Princeton Architecture Firm Wins AIA Merit Award
The New Jersey chapter of the American Institute of Architects (AIA-NJ) has recognized ikon.5 Architects of Princeton with a merit award in the built open category in recognition of its work on The E.J. Ourso College of Business at Louisiana State University.
ikon.5 Architects designed the project as a glass and steel academic village with the goal of expressing forward-thinking business education for the post-Katrina Gulf South. The design team constructed the building with contemporary materials including artistic, ceramic-coated mirror glass, and a bronze solar screen covering the project’s rotunda. The courtyard plan and building forms are contextual, recalling the sloped roof pavilions and arcaded courtyards of the adjacent 89-year-old campus, while the innovative glass technology communicates a forward looking enterprise.
“The building is an exceptionally well-designed and unique architectural solution that will meet the educational demands of students entering rigorous business fields, and also allows for free-flowing, creative thought,” said Kimberly Bunn, AIA, president of AIA-NJ. “ikon.5 demonstrated a high level of expertise in creating the design for this academic complex. Their work is clearly deserving of the merit award with which they were recognized, and the faculty and students of LSU will be the beneficiaries of this forward-looking design for years to come.”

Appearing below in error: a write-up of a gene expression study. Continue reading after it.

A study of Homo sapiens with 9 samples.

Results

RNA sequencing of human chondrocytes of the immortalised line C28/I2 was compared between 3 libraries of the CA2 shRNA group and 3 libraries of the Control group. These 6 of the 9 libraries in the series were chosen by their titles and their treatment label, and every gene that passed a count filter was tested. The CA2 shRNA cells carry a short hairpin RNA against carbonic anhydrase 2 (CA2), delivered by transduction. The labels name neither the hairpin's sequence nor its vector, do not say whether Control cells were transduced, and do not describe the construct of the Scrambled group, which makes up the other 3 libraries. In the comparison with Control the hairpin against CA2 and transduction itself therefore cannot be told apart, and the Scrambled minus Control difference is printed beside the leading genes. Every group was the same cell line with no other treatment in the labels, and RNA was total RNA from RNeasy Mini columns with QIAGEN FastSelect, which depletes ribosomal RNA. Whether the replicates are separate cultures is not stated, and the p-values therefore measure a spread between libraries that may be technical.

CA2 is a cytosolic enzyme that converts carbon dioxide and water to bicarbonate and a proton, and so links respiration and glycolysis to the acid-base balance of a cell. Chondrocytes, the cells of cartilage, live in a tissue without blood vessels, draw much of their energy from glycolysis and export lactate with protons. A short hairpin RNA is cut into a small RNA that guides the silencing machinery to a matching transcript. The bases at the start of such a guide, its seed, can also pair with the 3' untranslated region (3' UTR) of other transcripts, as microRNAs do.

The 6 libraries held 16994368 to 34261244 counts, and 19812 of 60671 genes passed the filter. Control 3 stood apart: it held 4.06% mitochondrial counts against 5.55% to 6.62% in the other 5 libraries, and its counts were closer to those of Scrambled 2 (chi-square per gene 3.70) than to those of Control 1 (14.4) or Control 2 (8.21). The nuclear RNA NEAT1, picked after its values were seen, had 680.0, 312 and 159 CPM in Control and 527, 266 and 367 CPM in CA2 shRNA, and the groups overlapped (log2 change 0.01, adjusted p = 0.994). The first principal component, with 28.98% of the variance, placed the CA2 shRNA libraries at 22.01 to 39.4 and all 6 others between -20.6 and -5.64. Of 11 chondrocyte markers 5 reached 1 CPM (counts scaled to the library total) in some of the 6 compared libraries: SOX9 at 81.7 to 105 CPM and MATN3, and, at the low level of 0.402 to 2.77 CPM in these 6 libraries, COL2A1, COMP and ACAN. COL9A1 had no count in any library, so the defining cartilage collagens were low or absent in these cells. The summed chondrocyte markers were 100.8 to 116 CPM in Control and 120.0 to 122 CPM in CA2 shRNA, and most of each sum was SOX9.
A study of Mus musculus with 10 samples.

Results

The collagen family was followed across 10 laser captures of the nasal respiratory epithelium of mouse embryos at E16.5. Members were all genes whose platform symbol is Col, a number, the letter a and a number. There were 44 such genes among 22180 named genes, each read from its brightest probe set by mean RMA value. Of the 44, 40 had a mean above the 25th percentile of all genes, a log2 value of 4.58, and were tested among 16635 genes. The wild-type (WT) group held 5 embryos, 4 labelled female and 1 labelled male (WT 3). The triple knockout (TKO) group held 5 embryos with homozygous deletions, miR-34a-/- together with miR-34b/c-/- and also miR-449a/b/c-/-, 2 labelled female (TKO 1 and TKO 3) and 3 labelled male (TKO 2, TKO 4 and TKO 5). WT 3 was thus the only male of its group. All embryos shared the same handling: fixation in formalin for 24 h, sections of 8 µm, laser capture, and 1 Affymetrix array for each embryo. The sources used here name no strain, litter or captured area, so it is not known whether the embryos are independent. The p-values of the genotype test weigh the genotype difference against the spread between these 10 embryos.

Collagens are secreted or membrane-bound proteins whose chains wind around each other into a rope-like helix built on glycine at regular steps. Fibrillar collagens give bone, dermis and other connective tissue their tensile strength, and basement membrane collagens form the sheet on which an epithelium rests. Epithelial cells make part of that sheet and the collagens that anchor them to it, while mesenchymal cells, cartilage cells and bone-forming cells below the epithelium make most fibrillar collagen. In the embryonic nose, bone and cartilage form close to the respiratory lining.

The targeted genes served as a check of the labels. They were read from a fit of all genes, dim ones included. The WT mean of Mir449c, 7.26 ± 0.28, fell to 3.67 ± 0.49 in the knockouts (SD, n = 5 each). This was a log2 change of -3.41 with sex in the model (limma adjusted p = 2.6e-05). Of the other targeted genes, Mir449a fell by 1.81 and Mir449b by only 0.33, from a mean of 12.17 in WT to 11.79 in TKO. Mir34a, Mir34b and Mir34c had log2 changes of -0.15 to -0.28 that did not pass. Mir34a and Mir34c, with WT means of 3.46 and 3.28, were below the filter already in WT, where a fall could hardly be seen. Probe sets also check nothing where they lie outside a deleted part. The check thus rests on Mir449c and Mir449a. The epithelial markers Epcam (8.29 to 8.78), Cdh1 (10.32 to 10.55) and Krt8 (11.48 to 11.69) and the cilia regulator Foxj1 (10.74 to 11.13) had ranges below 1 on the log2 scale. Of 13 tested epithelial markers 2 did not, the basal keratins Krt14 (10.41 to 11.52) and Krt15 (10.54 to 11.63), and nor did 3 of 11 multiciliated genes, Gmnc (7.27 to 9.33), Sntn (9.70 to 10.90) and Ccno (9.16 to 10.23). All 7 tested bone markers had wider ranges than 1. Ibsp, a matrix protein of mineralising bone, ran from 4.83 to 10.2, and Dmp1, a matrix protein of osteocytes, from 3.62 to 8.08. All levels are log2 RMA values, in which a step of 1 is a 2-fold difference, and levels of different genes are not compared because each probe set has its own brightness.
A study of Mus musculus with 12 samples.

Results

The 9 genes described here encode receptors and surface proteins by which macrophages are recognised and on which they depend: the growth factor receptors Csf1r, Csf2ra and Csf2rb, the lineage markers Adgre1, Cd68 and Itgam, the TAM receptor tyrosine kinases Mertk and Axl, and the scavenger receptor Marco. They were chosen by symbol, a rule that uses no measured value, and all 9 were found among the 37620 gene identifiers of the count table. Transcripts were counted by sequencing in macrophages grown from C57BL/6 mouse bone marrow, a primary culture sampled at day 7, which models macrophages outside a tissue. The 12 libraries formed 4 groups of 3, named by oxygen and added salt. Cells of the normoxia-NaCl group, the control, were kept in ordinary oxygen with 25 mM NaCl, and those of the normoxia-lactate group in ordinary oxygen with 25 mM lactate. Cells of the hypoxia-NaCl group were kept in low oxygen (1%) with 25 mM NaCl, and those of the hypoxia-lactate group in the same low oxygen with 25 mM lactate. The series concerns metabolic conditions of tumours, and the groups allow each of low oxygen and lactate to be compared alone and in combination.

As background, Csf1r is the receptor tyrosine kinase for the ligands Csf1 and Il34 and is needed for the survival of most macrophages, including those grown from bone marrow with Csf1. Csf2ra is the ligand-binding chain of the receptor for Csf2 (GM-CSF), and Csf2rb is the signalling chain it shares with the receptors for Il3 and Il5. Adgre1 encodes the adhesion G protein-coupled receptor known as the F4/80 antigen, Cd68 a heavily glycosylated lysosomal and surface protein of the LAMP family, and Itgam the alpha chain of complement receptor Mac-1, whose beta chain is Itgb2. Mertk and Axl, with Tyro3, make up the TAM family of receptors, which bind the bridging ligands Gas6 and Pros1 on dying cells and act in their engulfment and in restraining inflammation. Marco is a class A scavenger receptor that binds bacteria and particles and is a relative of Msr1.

Located at Nicholson Drive Extension, Baton Rouge, Louisiana the building houses 167,000 square feet of state of the art academic facilities including 24 interactive tiered classrooms, 18 collaborative team rooms, a 300-seat auditorium and a mock trading room. Additionally, faculty and department offices surround the landscaped courtyard.
“We’re extremely proud of this significant honor,” said Joseph G. Tattoni, FAIA, Principal of ikon.5 Architects. “The university was looking for a building design that would align with its mission of generating innovation in business education for the southern part of the country. We managed to create a design that meets this vision, while paying homage to the campus’s storied history.”